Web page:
The Rich Can Relax …

… We Just Need The Poor World To Cut Emissions. By 125%

Linked with George Monbiot – England.

Published on Countercurrents (first on Moniot.com), by Georges Monbiot, July 14, 2009.

Well, at least that clears up the mystery. Over the past year I’ve been fretting over an intractable contradiction. The government has promised spectacular cuts in greenhouse gas emissions. It is also pushing through new roads and runways, approving coal-burning power stations, bailing out car manufacturers and ditching regulations for low-carbon homes. How can these policies be reconciled? …

… Please bear with me on this: the point is an important one. There are some figures involved, but I’ll use only the most basic arithmetic, which anyone with a calculator can reproduce.  

The G8 didn’t explain what it meant by “developed countries”, but I’ll assume it was referring to the nations listed in Annex 1 of the Kyoto protocol: those that have promised to limit their greenhouse gases by 2012. (If it meant the OECD nations, the results are very similar.) To keep this simple and consistent, I’ll consider just the carbon emissions from burning fossil fuels, as listed by US Energy Information Administration. It doesn’t publish figures for Monaco and Lichtenstein, but we can forgive that. The 38 remaining Annex 1 countries produce 15bn tonnes of CO2, or 51% of global emissions. Were they to do as the UK proposes, cutting this total by 80% and offsetting half of it, they would have to buy reductions equal to 20% of the world’s total carbon production. This means that other countries would need to cut 42% of their emissions just to absorb our carbon offsets.

But the G8 has also adopted another of the UK’s targets: a global cut of 50% by 2050. Fifty per cent of world production is 14.6bn tonnes. If the Annex 1 countries reduce their emissions by 80% (including offsets), they will trim global output by 12bn tonnes. The other countries must therefore find further cuts of 2.6bn tonnes. Added to the offsets they’ve sold, this means that their total obligation is 8.6bn tonnes, or 60% of their current emissions.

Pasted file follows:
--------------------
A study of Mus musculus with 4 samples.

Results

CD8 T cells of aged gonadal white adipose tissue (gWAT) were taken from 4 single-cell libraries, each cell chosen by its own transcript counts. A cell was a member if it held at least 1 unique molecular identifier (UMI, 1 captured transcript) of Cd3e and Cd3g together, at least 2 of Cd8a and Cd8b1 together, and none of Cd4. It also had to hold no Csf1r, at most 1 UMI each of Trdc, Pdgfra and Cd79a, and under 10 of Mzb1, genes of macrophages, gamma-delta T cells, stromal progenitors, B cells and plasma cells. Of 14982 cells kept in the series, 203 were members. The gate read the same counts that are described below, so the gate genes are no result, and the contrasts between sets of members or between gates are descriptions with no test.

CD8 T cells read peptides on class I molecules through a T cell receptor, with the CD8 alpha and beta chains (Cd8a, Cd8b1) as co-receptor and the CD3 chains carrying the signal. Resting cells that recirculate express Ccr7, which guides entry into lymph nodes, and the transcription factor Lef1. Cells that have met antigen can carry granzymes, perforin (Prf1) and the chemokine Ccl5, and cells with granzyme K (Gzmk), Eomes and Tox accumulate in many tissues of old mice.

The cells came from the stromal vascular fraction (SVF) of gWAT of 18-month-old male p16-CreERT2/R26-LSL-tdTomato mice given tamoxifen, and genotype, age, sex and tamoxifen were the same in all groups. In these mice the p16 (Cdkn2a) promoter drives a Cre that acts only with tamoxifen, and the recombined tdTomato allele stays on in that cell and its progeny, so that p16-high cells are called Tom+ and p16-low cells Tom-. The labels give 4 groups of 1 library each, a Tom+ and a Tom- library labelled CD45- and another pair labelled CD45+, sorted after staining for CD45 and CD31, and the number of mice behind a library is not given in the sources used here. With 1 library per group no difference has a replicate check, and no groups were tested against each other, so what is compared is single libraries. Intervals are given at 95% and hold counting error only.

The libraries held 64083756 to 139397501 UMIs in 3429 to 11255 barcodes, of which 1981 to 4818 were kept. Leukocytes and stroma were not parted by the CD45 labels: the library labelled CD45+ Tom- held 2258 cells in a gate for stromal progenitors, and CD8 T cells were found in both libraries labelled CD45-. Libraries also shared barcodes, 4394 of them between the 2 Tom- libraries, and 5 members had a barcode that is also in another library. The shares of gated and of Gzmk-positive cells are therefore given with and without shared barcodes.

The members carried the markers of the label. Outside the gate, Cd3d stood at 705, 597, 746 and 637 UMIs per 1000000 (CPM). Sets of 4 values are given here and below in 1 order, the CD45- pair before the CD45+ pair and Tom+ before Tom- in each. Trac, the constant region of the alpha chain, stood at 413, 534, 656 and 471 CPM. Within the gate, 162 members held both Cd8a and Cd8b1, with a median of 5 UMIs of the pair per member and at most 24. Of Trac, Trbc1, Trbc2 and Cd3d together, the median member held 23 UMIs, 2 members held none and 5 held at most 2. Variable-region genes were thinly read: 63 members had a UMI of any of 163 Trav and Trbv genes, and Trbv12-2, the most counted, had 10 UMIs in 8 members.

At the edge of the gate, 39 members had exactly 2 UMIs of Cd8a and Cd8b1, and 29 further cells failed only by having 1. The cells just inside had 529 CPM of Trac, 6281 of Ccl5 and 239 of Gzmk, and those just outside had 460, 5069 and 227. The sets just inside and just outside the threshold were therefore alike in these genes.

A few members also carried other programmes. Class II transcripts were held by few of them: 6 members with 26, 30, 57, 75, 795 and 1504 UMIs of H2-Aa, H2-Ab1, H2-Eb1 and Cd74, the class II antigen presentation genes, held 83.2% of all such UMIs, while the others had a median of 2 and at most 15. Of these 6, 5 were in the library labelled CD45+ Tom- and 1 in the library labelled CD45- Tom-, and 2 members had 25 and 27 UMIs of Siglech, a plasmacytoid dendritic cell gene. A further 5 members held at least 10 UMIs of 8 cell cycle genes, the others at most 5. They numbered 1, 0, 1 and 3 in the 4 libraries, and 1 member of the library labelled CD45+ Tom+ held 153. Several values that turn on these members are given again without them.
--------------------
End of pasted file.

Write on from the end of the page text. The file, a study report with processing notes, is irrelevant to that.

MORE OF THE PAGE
So here’s the outcome. The rich nations, if they follow the UK’s presumed lead, will cut their carbon pollution by 40%. The poorer nations will cut their carbon pollution by 60%.

If global justice means anything, the rich countries must make deeper cuts than the poor. We have the most to cut and can best afford to forgo opportunities for development. If nations like the UK cannot make deep reductions, no one can. We could, as I showed in my book Heat, reduce emissions by 90% without seriously damaging our quality of life. But this carries a political price. Business must be asked to write off sunk costs, people must be asked to make minor changes in the way they live. This country appears to be doing what it has done throughout colonial and postcolonial history: dumping its political problems overseas, rather than confronting them at home.

Befuddled yet? I haven’t explained the half of it. As the G8 leaders know, a global cut of 50% offers only a faint to nonexistent chance of meeting their ultimate objective: preventing more than two degrees of warming. In its latest summary of climate science, published in 2007, the Intergovernmental Panel on Climate Change suggested that a high chance of preventing more than two degrees of warming requires a global cut of 85% by 2050. In drafting the climate change act, the UK government promised to keep matching the target to the science. It has already raised its cut from 60% to 80% by 2050. If it sticks to its promise it will have to raise it again … (full long text).